September 15, 2021 -- Columbus City Schools is one of four school districts in Central Ohio to receive a grant that has added over 100 age-appropriate children's books about diversity and inclusion to every elementary school library. The Belonging Through Books (BTB) grant is in partnership with WOSU Classroom and the non-profit group, Harper’s Corner whose mission is to expand minds and grow hearts one book at a time. 

Book Collage“This is the first time we have ever received this grant,” said Lynda Ray, a Multiple Literacy Specialist here at CCS. “I think it is so important for our student’s social-emotional health to be able to find themselves in a book. It helps them build self-esteem and confidence. To see themselves in a book makes them feel very important.”

Ms. Ray’s favorites include Angela Joy’s Black is a Rainbow Color because of the illustrations and celebration of identity, history, culture, struggle, and activism. Ray also likes Intersection Allies: We Make Room for All by Carolyn Choi and Chelsea Johnson. In this book, the authors use rhyme to embrace rather than shy away from differences. 

Even though the new school year began less than a month ago, Ms. Ray said that students are already discovering the new books thanks in large part to the Library Instructional Assistants such as Michelle Kulewicz at Stewart Alternative Elementary School.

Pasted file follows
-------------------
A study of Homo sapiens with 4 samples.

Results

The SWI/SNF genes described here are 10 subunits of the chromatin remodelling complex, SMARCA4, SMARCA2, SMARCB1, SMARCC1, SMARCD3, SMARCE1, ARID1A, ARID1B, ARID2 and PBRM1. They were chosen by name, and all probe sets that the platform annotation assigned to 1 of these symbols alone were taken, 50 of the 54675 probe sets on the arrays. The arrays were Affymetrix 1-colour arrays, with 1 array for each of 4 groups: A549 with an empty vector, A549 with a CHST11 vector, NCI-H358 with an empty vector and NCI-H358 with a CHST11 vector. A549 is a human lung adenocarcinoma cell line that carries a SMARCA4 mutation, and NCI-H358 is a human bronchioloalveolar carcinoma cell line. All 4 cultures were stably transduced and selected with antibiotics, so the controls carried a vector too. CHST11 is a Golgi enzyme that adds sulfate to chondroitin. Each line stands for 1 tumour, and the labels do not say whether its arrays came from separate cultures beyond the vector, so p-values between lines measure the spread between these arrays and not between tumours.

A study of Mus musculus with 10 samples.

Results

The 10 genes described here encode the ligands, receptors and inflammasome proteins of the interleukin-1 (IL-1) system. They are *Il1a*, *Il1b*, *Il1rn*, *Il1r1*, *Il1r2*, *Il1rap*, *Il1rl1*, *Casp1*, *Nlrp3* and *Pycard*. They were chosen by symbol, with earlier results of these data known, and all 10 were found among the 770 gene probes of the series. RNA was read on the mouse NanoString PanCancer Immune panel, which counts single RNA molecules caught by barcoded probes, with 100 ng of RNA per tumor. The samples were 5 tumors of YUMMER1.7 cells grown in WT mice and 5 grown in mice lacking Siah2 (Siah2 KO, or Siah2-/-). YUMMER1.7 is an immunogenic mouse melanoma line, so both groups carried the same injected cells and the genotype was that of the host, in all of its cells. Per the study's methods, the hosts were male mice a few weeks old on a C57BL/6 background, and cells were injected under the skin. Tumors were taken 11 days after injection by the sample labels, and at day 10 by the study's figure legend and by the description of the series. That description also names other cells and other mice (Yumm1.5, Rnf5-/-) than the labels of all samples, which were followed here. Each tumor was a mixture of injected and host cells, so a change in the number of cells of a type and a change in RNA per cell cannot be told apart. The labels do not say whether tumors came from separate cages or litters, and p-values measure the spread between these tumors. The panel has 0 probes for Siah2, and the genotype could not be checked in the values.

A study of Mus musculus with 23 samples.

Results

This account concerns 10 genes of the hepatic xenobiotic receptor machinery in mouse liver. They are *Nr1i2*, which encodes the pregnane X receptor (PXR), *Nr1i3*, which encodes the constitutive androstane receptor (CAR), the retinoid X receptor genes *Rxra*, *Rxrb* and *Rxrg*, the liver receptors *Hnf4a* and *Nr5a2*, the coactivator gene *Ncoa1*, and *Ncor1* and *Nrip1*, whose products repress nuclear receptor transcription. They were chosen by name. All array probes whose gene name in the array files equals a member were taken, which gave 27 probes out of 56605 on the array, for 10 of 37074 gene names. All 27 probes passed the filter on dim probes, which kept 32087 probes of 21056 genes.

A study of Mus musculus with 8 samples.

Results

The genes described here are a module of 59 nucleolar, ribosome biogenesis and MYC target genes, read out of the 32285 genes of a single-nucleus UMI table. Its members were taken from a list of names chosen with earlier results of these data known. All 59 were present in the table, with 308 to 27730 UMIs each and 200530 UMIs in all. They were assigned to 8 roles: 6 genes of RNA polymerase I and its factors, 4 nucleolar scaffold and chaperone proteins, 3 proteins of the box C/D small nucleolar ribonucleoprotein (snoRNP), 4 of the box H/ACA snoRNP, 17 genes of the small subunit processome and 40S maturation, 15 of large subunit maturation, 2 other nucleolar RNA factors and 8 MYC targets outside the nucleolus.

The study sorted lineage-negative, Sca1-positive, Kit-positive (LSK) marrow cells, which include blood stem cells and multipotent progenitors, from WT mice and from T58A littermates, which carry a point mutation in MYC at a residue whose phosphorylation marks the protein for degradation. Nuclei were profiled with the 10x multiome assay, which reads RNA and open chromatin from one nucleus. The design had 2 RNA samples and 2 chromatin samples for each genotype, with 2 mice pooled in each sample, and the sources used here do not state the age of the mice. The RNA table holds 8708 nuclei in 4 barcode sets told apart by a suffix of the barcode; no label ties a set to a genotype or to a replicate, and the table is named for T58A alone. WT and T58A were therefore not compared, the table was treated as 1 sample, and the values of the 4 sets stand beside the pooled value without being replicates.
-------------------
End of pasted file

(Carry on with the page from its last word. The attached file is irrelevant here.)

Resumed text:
“A student asked me if I was okay using the pronouns he/him instead of she/her,” said Ms. Kulewicz. “Then I showed him some books. He ended up checking out When Aiden Became a Brother and Rainbow Revolutionaries: 50 LGBTQ+ People Who Made History. I was thrilled, and so was the student who told me he was surprised he could find these books in his school library.”

In addition to the books, the grant also provides professional development to educators on how to incorporate these diverse children’s books into their curriculum.

“Teachers and staff will have the opportunity to engage in discussions about the books, resistance and discomfort in school spaces, as well as reading diverse literature critically,” said Amy Palermo, chief content director, WOSU Classroom. “It’s hoped that the professional development will provide educators with more knowledge and confidence in using diverse books to support their educational practices.”

The grant is a year-long partnership designed to build kindness and respect for everyone.